Spider Evolution: A Theory in Crisis
Sea spiders look so similar to land spiders, everyone would have thought they were related. They differ, however, in several significant ways, said Graham Budd and Maximilian Telford in Nature:1 ’Their bodies are so slender that the digestive systems and gonads are squeezed into their limbs; they possess a forward-pointing proboscis with a terminal mouth; and the males brood the eggs.” Now, additional observations “are bound to provoke controversy in an already acrimonious field,” the field of spider evolution. Organs called chelifores near the proboscis of sea spiders are not related to the chelicerae of land spiders, reported Maxmen, Browne et al. in the same issue,2 because they originate from different parts of the head. “The association of chelifores and chelicerae with different parts of the brain implies that the two types of limb are not equivalent, but are derived from different segments,” Budd and Telford said. These observations will “shake up the field of arthropod evolution.”
A check under the hood shows there is more trouble in the engine of arthropod evolution.
This result cuts across previous results based on adult structure, and to see the wider implications we need some historical background. The composition of the arthropod head is one of the bitterest and longest-running problems in animal evolution. Unresolved after more than a century of debate, this sorry tale is (in)famously known as the “endless dispute”. (Emphasis added in all quotes.)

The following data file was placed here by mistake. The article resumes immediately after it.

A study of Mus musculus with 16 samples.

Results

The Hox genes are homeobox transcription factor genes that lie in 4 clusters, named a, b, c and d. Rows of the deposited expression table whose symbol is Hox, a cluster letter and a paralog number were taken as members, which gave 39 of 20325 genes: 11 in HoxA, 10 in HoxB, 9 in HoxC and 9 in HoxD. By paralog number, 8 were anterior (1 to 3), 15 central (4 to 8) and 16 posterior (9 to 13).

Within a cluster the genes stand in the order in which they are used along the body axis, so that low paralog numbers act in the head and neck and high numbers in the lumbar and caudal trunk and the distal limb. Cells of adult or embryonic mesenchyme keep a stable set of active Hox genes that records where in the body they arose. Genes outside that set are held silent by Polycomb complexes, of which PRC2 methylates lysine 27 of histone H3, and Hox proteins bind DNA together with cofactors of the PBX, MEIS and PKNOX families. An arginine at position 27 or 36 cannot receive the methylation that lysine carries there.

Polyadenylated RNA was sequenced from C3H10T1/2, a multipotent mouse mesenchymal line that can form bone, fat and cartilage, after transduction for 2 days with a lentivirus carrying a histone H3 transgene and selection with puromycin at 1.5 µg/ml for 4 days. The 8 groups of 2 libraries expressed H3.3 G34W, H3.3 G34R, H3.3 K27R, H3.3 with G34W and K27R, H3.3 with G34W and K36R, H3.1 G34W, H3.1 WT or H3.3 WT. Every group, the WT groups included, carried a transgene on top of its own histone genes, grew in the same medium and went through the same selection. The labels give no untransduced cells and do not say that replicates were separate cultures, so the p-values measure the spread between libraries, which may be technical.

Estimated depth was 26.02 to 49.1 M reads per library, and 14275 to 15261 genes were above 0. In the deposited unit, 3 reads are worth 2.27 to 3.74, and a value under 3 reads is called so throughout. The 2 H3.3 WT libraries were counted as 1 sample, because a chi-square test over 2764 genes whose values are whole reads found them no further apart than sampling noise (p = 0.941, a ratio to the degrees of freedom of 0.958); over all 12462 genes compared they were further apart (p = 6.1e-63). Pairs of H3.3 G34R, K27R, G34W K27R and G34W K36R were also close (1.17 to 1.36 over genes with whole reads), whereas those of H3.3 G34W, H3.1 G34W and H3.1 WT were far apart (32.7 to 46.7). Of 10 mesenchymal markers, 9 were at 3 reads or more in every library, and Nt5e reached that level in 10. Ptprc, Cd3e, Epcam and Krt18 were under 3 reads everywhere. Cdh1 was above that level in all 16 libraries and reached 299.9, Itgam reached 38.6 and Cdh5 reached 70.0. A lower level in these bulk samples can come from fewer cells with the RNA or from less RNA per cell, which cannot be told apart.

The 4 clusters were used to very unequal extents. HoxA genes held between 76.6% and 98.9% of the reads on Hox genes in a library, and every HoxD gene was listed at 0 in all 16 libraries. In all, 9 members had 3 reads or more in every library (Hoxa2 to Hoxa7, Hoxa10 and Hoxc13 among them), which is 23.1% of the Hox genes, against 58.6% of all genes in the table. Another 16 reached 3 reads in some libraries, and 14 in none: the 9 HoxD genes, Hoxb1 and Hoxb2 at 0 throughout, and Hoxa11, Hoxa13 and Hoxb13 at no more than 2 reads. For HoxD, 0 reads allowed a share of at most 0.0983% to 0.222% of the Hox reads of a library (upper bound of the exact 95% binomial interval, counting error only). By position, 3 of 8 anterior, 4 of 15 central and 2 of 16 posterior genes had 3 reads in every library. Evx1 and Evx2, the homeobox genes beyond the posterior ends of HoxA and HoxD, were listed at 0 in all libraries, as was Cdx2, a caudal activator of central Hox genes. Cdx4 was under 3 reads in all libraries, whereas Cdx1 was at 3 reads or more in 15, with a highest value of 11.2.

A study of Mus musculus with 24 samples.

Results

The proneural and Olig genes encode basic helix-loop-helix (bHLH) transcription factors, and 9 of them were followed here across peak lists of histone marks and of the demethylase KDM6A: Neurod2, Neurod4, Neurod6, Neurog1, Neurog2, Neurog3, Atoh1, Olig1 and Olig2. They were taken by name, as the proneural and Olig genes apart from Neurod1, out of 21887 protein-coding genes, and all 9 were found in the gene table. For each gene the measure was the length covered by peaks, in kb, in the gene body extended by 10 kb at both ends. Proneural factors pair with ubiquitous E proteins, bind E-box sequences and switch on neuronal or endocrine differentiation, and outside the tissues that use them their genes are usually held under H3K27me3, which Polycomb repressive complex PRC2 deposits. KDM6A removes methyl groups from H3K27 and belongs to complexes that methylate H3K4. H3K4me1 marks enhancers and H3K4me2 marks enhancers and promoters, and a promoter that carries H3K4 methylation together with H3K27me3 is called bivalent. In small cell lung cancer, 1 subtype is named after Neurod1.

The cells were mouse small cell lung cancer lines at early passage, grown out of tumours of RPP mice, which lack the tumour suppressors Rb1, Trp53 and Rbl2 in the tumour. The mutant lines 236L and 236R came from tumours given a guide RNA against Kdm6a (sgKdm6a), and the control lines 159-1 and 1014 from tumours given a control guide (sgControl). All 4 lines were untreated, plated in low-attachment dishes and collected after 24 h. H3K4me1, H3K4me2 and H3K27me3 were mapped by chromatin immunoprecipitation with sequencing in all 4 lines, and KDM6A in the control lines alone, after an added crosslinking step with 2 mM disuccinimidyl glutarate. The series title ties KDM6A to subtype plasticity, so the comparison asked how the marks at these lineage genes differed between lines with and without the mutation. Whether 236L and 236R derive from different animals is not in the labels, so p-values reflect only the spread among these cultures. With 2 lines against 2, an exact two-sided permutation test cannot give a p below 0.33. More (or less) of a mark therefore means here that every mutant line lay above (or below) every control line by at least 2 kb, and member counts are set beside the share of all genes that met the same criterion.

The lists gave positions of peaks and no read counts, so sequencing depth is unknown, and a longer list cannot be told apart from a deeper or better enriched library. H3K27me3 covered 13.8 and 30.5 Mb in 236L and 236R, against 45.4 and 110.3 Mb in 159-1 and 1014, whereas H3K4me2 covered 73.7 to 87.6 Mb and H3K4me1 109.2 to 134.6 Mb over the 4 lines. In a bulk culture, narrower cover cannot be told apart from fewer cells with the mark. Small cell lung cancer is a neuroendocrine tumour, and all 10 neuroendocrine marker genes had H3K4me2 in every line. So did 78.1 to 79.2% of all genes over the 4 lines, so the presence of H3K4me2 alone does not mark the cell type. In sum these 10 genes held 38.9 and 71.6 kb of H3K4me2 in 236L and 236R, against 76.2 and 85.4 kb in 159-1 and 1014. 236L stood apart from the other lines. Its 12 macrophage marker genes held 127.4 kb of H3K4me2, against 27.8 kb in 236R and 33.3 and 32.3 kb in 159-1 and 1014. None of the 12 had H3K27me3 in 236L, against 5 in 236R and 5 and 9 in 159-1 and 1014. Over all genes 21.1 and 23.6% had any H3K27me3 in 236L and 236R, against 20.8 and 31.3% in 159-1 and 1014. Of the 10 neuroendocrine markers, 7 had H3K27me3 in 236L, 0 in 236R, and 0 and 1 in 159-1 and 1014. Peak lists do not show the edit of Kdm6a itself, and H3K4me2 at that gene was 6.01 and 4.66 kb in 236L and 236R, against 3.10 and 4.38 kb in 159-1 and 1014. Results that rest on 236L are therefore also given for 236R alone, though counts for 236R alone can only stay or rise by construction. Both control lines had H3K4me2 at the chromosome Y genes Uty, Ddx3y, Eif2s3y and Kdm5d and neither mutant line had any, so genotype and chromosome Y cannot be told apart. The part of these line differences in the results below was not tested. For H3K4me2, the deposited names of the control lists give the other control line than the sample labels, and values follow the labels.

The only way to salvage the evolutionary model is to assume that sea spiders “are extraordinary living fossils, retaining an organization of their head that all other living arthropods lost hundreds of millions of years ago,” Budd and Telford suggested. The caption of a phylogenetic chart explains how both possible interpretations are distasteful:
a, If pycnogonids branched off before the appearance of insects, crustaceans, myriapods and arachnids, we can interpret their protocerebral chelifores (red) as equivalent to the supposedly anterior great appendage of fossil groups such as Anomalocaris. The labrum (green) would have evolved in the common ancestor indicated with a star. b, But if pycnogonids are related to arachnids, then either their protocerebral chelifores could be an atavistic re-evolution of the great appendage, or the labrum must have evolved independently in arachnids and the other three taxa. Both of these latter hypotheses are contentious, and could raise doubts about the conclusions of Maxmen and colleagues.
The former interpretation, taken by Maxmen et al., is that the chelifores are examples of convergent evolution. “Pycnogonid chelifores and chelicerate chelicerae are convergent structures,” they decided, “innervated from different segmental neuromeres.” Budd and Telford don’t seem ready to swallow that line. They ended their analysis with more bitter words:
The conclusions of Maxmen et al. overturn entrenched ideas about the body plan of the sea spiders and, furthermore, lend support to some controversial theories of arthropod evolution. Unlike their terrestrial analogues, sea spiders lack a poisonous bite, but this paper is bound to inject venom into what is already one of the most controversial of all zoological topics.
1Graham Budd and Maximilian Telford, “Evolution: Along came a sea spider,” Nature 437, 1099-1102 (20 October 2005) | doi: 10.1038/4371099a.
2Maxmen et al., “Neuroanatomy of sea spiders implies an appendicular origin of the protocerebral segment,” Nature 437, 1144-1148 (20 October 2005) | doi: 10.1038/nature03984.
You probably didn’t even know that the Darwinists had this problem. Behind the scenes, they have been injecting each other with venom and battling each other for over a century about where arthropods fit in the evolutionary tree, all the while telling the rest of us evolution is a fact. Should we feel sorry for them? Do you feel sorry for someone who builds a sand castle on a fault line?